ALBANY – Gov. Andrew M. Cuomo is raising the possibility that Seneca casinos could close in three years if the Indian nation cannot reach an agreement to start paying nearly $600 million in stalled slot machine revenue-sharing payments to Albany.

“Under these current circumstances, I don’t see how any state official could support extending the compact when the other side hasn’t paid,” Cuomo said Thursday of the compact with the Senecas, which expires in 2016.

“If there is no compact, they have no authority to operate,” Cuomo said.

The governor commented during an event at the State Capitol announcing he had struck a deal with the leader of the Oneidas to give that Indian nation an exclusive gambling franchise for a large portion of Central New York in return for settling a long-standing land claim and also paying the state 25 percent of slot revenues at its Turning Stone casino resort.

Cuomo suggested that the Senecas appear more concerned with the expiration of their compact, signed a decade ago by Seneca leaders and then-Gov. George E. Pataki, than with the plan being worked on by Cuomo and lawmakers to permit up to seven new, non-Indian casinos in the state.

“The real question with the Senecas is: Their compact expires,” he said.

The agreement between the state and Senecas for three casinos in Western New York was approved in 2002; it called for a 14-year term with a seven-year renewal option.

Two weeks ago, Cuomo floated an upstate casino-expansion plan that identified three areas that would not be eligible for commercial gambling if the Indian casinos in those regions come to terms on disagreements with the state.

The deal with the Oneidas means that a large section of Central New York will now not be eligible for any new casino expansion.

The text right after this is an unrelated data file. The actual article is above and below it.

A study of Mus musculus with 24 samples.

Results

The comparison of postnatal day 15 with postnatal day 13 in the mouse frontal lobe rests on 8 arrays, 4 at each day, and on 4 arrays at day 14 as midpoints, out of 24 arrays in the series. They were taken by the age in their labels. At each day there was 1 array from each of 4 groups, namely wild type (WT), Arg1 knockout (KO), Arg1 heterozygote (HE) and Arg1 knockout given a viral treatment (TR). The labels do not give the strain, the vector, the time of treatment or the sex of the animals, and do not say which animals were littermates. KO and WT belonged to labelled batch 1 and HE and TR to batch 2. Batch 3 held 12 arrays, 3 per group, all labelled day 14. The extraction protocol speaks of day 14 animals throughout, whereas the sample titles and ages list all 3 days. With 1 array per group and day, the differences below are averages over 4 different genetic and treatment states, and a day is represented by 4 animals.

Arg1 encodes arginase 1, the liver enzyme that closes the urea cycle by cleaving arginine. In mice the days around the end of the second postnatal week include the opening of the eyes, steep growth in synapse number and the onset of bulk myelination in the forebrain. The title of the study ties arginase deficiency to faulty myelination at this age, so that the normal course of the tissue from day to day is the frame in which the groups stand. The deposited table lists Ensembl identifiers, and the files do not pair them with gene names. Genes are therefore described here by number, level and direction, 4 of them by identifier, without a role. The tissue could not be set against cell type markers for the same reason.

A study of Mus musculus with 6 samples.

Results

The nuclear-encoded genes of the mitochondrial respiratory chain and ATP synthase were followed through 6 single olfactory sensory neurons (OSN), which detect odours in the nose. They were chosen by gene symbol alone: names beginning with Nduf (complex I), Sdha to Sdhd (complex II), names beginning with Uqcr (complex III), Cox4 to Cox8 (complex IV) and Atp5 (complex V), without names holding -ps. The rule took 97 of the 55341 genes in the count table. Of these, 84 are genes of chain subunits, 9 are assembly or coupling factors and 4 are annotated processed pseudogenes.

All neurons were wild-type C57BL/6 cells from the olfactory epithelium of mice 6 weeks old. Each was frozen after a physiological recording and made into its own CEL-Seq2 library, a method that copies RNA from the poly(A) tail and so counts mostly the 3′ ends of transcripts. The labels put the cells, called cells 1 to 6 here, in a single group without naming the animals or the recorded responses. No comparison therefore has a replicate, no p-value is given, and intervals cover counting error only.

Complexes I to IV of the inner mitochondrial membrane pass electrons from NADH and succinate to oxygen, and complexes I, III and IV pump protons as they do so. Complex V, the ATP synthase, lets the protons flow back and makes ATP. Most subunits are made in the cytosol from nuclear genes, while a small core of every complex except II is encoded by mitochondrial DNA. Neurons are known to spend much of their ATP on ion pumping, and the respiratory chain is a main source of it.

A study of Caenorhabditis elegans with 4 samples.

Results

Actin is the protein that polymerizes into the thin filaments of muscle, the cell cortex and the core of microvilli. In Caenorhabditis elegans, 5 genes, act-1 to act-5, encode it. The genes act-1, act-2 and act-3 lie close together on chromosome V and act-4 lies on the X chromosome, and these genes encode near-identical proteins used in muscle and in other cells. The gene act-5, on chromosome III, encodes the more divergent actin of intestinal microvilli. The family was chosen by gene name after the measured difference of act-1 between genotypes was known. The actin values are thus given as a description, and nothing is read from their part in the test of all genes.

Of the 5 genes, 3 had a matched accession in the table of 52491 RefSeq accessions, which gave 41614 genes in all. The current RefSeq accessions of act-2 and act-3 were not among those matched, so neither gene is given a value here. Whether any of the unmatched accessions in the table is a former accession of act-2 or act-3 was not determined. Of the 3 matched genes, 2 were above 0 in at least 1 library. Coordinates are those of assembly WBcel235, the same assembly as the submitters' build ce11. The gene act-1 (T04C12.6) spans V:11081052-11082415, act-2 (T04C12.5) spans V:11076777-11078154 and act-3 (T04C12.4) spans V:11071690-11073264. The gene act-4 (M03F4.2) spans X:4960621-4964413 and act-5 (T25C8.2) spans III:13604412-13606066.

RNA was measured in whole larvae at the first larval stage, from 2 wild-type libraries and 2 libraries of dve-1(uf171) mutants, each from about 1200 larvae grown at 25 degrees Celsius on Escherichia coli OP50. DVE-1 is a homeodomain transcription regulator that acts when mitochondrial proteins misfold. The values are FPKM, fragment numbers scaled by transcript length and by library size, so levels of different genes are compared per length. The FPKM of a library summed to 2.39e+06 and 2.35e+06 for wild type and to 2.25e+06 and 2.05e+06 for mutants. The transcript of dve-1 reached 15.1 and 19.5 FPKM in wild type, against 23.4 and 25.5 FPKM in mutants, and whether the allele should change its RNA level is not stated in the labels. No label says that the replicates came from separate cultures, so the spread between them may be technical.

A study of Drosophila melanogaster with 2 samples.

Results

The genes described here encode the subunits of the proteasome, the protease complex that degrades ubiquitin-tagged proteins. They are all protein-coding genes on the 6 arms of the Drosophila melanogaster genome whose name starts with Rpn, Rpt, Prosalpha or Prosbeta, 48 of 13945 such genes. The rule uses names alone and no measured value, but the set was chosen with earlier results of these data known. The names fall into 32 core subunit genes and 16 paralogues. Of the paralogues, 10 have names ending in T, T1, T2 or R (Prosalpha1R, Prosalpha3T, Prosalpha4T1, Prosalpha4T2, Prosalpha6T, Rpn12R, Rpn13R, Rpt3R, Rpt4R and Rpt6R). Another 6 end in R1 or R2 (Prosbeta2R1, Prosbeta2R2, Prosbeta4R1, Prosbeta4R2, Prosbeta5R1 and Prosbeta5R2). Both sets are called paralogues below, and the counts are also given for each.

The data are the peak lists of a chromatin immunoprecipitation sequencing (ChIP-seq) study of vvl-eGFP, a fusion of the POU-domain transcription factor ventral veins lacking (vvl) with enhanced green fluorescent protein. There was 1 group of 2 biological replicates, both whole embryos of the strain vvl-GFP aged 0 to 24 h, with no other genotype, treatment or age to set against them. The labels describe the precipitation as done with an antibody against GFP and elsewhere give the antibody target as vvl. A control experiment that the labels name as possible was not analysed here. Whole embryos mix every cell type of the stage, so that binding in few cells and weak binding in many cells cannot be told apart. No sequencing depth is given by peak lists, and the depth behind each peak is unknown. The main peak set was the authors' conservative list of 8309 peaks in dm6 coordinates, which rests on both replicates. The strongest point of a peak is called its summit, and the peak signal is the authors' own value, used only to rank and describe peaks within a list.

If the Senecas do not come to terms with the Cuomo administration, the governor said, Western New York will be eligible for a new casino. He has floated the idea of putting one in Niagara Falls near the existing Seneca facility.

Cuomo said that there has been “no progress to speak of” in talks with the Senecas since he floated that idea two weeks ago. The state and the Senecas are in arbitration over the revenue-sharing dispute, which Cuomo said has caused “significant hardship” for localities in Western New York that relied on the casino funds.

The state, under the compact, gets 25 percent a year from Seneca slot machine revenues; Albany, in turn, shares a portion of that money with Niagara Falls, Buffalo and Salamanca, homes to Seneca casinos.

“For the Senecas, it’s more just a question of the basic standing of the relationship and their ability to honor a contract, and does the state want to do business with that type of experience, which will be very relevant when that compact expires in 2016,” Cuomo said.

The Senecas did not have an immediate comment, and they have said little or nothing since Cuomo has sought to raise public pressure.

The Oneida deal, according to the tribe’s representative, Ray Halbritter, would provide the state about $50 million in slot machine revenue-sharing funds. New York would then share the proceeds with local counties.

Halbritter said the Oneidas also would impose a new tax on cigarette and gasoline sales – the proceeds of which they would keep – to bring those products closer to parity with nearby non-Indian retail outlets. Details on that provision were vague, but Halbritter said cigarette and gasoline products sold on Oneida lands would be “very close” to those of off-reservation retailers.

The Oneidas’ wealth has soared since the casino, along with hotels, golf courses, restaurants and entertainment space, was approved by then-Gov. Mario M. Cuomo, father of the current governor, in 1994.

Unlike the Senecas, the Oneidas never had to make revenue-sharing payments to the state.